Taking care of patients in air
BAGRAM AIR BASE, Afghanistan -- Tech. Sgt. Gabrial Aguilar tests an IV pump before inventorying it for a flight. The pump is used to run intravenous fluids to a patient while in flight. Sergeant Aguilar is assigned to the 376th Expeditionary Aeromedical Evacuation Squadron here. He is deployed from the 349th Aeromedical Evacuation Squadron at Travis Air Force Base, Calif. (U.S. Air Force photo by Master Sgt. Andrew Gates)
by Master Sgt. Andrew Gates
455th Expeditionary Operations Group Public Affairs
7/6/2004 - BAGRAM AIR BASE, Afghanistan (AFPN) -- Most military aircraft are not well known for passenger comfort.
But when passengers are seriously ill or injured, a team of medical experts is always on hand to ensure as comfortable a ride as possible.
“We are responsible for moving casualties in-theater as well as between theaters,” said Capt. Karl Schaab of the 376th Expeditionary Aeromedical Evacuation Squadron. “We move people from the collection point (here) to Ramstein or Rhein-Main (air bases) in Germany, taking patients to the Army regional hospital at Landstuhl.”
The process starts when a U.S. servicemember in-country has a condition which requires hospitalization.
Some flights are because of ordinary medical conditions.
“Last week, we had a 21-year-old Soldier who went into diabetic shock,” said Staff Sgt. Virgilio Comia, an aeromedical flight technician from the 349th Aeromedical Evacuation Squadron at Travis Air Force Base, Calif. “We had to fly her to Landstuhl for medical treatment. She’s doing fine now.”
Other flights are carrying seriously injured patients. The team recently had to evacuate a patient who lost part of an arm from a landmine explosion, Captain Schaab said.
“When someone in this area needs medical evacuation, we get notified through the aeromedical evacuation control team,” said Captain Schaab, who is deployed from the 445th AES at Wright-Patterson AFB, Ohio. “They tell us when and where to move a patient.”
Once the team has been told to move a patient, they schedule airlift on the next available cargo aircraft, Captain Schaab said.
Shortly before the patients are loaded on the plane, an aeromedical-evacuation crew prepares the aircraft by setting up litters or other equipment to ensure a safe journey for the patients. It takes the team just under an hour to set up an aircraft to carry patients.
“We have to move quickly to ensure the aircraft is ready when the patients arrive,” Captain Schaab said.
The team usually makes two flights each week to Germany. On each flight, they normally accompany one or two litters and five to six mobile patients, said Maj. Janie Johnson, aeromedical evacuation flight liaison. She is deployed from the 622nd AES at MacDill AFB, Fla.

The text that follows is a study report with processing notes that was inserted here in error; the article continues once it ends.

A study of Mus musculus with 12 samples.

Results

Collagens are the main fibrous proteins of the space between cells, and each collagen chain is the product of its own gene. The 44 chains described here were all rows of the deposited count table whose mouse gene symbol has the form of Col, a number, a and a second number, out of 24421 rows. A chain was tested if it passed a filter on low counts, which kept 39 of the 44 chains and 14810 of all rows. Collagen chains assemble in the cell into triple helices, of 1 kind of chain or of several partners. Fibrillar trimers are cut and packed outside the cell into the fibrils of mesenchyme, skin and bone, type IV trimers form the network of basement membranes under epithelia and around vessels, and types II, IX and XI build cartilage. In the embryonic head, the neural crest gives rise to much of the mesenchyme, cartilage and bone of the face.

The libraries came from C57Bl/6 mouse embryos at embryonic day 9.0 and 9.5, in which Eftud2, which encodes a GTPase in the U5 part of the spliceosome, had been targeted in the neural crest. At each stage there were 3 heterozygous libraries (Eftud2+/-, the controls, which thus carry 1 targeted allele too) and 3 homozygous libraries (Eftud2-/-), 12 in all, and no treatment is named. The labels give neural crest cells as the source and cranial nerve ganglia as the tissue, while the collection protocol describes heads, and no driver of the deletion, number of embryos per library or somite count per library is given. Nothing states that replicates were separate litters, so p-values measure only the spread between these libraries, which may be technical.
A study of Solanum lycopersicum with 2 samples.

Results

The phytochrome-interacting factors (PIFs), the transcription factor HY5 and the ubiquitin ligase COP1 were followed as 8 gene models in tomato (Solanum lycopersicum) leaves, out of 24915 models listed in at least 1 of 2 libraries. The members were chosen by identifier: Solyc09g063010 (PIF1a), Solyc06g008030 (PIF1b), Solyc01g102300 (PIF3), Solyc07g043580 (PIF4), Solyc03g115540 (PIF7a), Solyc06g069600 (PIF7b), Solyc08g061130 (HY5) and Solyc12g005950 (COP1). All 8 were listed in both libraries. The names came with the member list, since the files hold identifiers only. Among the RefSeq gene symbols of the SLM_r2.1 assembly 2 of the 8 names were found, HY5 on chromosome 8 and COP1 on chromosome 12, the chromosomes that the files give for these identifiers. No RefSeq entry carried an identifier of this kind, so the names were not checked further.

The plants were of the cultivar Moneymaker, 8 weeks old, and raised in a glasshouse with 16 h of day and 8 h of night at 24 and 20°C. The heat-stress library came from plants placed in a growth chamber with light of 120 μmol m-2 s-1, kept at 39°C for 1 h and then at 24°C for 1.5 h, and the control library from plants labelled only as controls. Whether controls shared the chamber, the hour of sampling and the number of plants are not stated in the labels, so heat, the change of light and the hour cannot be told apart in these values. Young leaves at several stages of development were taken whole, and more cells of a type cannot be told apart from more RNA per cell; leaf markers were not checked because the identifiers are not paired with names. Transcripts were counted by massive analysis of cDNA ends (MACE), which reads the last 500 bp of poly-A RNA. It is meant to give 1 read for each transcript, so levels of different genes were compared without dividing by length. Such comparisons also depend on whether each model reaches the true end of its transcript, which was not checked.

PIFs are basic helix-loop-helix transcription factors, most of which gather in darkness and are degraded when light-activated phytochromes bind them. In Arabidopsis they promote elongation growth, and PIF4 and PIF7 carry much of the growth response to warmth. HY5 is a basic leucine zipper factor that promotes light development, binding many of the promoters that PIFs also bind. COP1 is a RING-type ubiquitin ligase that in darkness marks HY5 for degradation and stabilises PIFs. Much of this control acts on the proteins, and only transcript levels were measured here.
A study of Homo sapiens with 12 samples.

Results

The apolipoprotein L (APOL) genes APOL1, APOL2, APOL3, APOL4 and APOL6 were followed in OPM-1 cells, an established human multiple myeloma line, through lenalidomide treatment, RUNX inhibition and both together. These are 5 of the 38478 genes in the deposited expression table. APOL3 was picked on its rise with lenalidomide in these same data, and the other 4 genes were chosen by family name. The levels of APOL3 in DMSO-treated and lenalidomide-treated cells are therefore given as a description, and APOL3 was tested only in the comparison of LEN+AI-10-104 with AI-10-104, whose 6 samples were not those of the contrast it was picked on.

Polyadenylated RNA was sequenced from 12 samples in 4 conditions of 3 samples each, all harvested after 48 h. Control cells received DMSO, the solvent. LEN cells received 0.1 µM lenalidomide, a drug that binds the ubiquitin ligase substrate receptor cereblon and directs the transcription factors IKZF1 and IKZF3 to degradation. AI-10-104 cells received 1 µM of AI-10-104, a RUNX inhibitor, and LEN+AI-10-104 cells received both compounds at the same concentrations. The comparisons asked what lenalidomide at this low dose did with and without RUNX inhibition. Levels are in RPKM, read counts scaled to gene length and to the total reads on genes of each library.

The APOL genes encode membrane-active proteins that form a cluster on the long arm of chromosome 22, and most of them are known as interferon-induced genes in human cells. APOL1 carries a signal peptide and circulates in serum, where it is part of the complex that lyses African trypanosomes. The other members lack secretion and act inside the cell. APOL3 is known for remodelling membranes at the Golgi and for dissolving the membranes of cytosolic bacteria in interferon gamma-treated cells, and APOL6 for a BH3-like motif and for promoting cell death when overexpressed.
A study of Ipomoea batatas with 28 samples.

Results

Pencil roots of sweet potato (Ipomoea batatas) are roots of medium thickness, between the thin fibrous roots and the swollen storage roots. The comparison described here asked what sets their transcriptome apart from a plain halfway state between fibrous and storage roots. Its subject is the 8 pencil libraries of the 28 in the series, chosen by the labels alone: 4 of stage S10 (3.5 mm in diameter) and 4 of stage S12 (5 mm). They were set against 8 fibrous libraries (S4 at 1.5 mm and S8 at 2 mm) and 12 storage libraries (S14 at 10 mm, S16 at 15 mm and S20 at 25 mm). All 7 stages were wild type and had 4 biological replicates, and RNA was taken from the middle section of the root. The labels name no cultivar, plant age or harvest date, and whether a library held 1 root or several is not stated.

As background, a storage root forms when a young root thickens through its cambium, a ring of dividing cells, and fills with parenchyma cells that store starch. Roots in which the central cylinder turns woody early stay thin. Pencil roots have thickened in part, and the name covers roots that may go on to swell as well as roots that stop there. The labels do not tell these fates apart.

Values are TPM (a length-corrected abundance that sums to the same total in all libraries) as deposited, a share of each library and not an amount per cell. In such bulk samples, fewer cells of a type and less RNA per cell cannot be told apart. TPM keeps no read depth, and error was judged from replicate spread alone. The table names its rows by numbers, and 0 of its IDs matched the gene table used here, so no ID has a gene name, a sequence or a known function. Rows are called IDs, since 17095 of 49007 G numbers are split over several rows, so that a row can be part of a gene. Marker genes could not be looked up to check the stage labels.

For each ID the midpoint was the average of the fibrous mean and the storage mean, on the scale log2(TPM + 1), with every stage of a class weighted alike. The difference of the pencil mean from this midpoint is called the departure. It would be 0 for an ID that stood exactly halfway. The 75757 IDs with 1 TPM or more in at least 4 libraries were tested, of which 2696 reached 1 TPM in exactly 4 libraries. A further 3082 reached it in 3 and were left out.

Getting a plane, and then getting that plane ready for patients, takes a lot of work.
“We get a lot of cooperation from everyone -- the aerial port, aircrew and loadmaster,” Captain Schaab said. “Everyone pitches in.”
Sometimes, one of the patients is in critical condition and in serious jeopardy of losing life or limb. That is when another team of medics assists the patients, said Senior Airman Frank Dumbauska, who is deployed from Lackland AFB, Texas. Airman Dumbauska is a member of the critical care air transport team.
“If there is a critical patient who needs to be airlifted, we take care of the patient with assistance from the aeromedical-evacuation crew,” he said. “A critical patient is one who won’t survive long if (he or she stays) downrange -- someone we need to get to a hospital quickly.”
The CCATT normally consists of a technician, a nurse and an emergency room doctor or pulmonary specialist.
Critical patients are moved once they are stabilized enough to move, said Capt. Terry Bates, a nurse on the CCATT who is deployed from Andrews AFB, Md.
“If someone has a life-threatening emergency, we need to get them to a hospital as quickly as possible, so we want to make sure they can be transported safely,” Captain Bates said.
They prepare each patient according to his or her risk. This could mean everything from putting breathing tubes into a patient who they believe might have respiratory problems to procedures relieving internal bleeding.
“If we think there may be a problem while we are (flying), we try to be proactive and prepare the patient appropriately before we ever take off,” Captain Bates said.
Since the CCATT is not an aircrew, they need an aeromedical-evacuation crew traveling with them.
“The aeromedical-evacuation crew sets up the aircraft and gets everything ready for us when we arrive with the patient,” Captain Bates said. “They also help out with our patient if they have time -- or if they don’t have any patients on the flight.”
The squadron here has three aeromedical-evacuation crews -- all of which are in the Reserve, Major Johnson said. It also has one critical-care team.
“If we send out our CCATT, though, we bring in an augmenting crew from another unit -- that way we always have someone here for the warfighters,” Major Johnson said.
Although Army medical-evacuation units are responsible for bringing injured warfighters from forward-deployed locations to the casualty collection point here, the Airmen here are getting into some of the evacuation action.
“We’ve been embedding our aeromedical-evacuation crews on Army (helicopters) going downrange and bringing injured people,” Captain Schaab said. “This is providing additional capability and is a great help for the Army.”
No matter the challenges, the Airmen said the job keeps them motivated.
“I love what I am doing,” Sergeant Comia said. “I enjoy helping injured people out and getting them where they need to go.”